Intel’s earliest business wins came thanks to random access memory, and though it’s focused on central processing since the ’80s, it’s had a lot of success in recent years with its non-volatile memory sporting SSDs. It’s now looking to grow that part of its business even more, with a focus on its 3D NAND and 3D XPoint memory chips. And it’s going to manufacture them itself, with an expansion of its fabrication facility in Dailan, China.
This announcement was made by senior VP and GM of non-volatile memory solutions at Intel, Rob Crooke, who says that Intel plans to invest upwards of $5.5 billion in the next few years to help transition the site into one of the world’s leading edge non-volatile memory production plants. To date, the facility has been manufacturing 65-nanometre parts for the chip-maker, so it’s ripe for renovation in a world where the latest processors are produced on a 14nm die.
He said production of 3D NAND technology could begin in the second half of 2016.
As much as this is a big move for Intel, it’s perhaps even more impactful in terms of its relationship with Micron. Intel and Micron have together, as part of the IMFT joint venture, been responsible for some of the biggest developments in NAND memory over the past decade. Micron has provided the production muscle in this relationship, building the chips for Intel-branded storage solutions at its facilities.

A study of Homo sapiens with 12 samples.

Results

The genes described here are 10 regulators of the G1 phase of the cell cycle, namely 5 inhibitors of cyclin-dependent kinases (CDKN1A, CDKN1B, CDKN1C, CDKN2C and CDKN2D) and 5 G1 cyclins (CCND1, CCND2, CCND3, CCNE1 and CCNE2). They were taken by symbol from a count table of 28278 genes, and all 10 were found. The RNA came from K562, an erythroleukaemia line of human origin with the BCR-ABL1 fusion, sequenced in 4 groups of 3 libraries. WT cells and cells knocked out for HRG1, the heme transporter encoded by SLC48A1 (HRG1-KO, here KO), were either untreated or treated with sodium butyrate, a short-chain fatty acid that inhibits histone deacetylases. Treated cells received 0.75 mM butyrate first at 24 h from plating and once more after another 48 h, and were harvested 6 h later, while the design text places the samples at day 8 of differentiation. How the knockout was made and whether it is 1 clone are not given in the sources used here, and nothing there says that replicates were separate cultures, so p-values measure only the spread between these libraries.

That partnership, though long-standing, hasn’t been the most stable over the past year, with Intel skipping over Micron’s 16nm NAND and ultimately facing shortages of the flash technology, resulting in the use of chips from SK Hynix. This leads to some considering whether Intel and Micron may end their long-running relationship when it’s up for renewal in 2017.
That said, Rob Crooke did say in the announcement that “[Intel’s] partnership with Micron remains very strong”, and of course Intel’s investment in the Chinese facility may have nothing to do with its relationship with Micron. It could be more to do with the climate of investment in China. The government there is currently courting a lot of investment from international companies, especially U.S. tech firms, many of which the president Xi Jinping met with in person during his recent visit to America.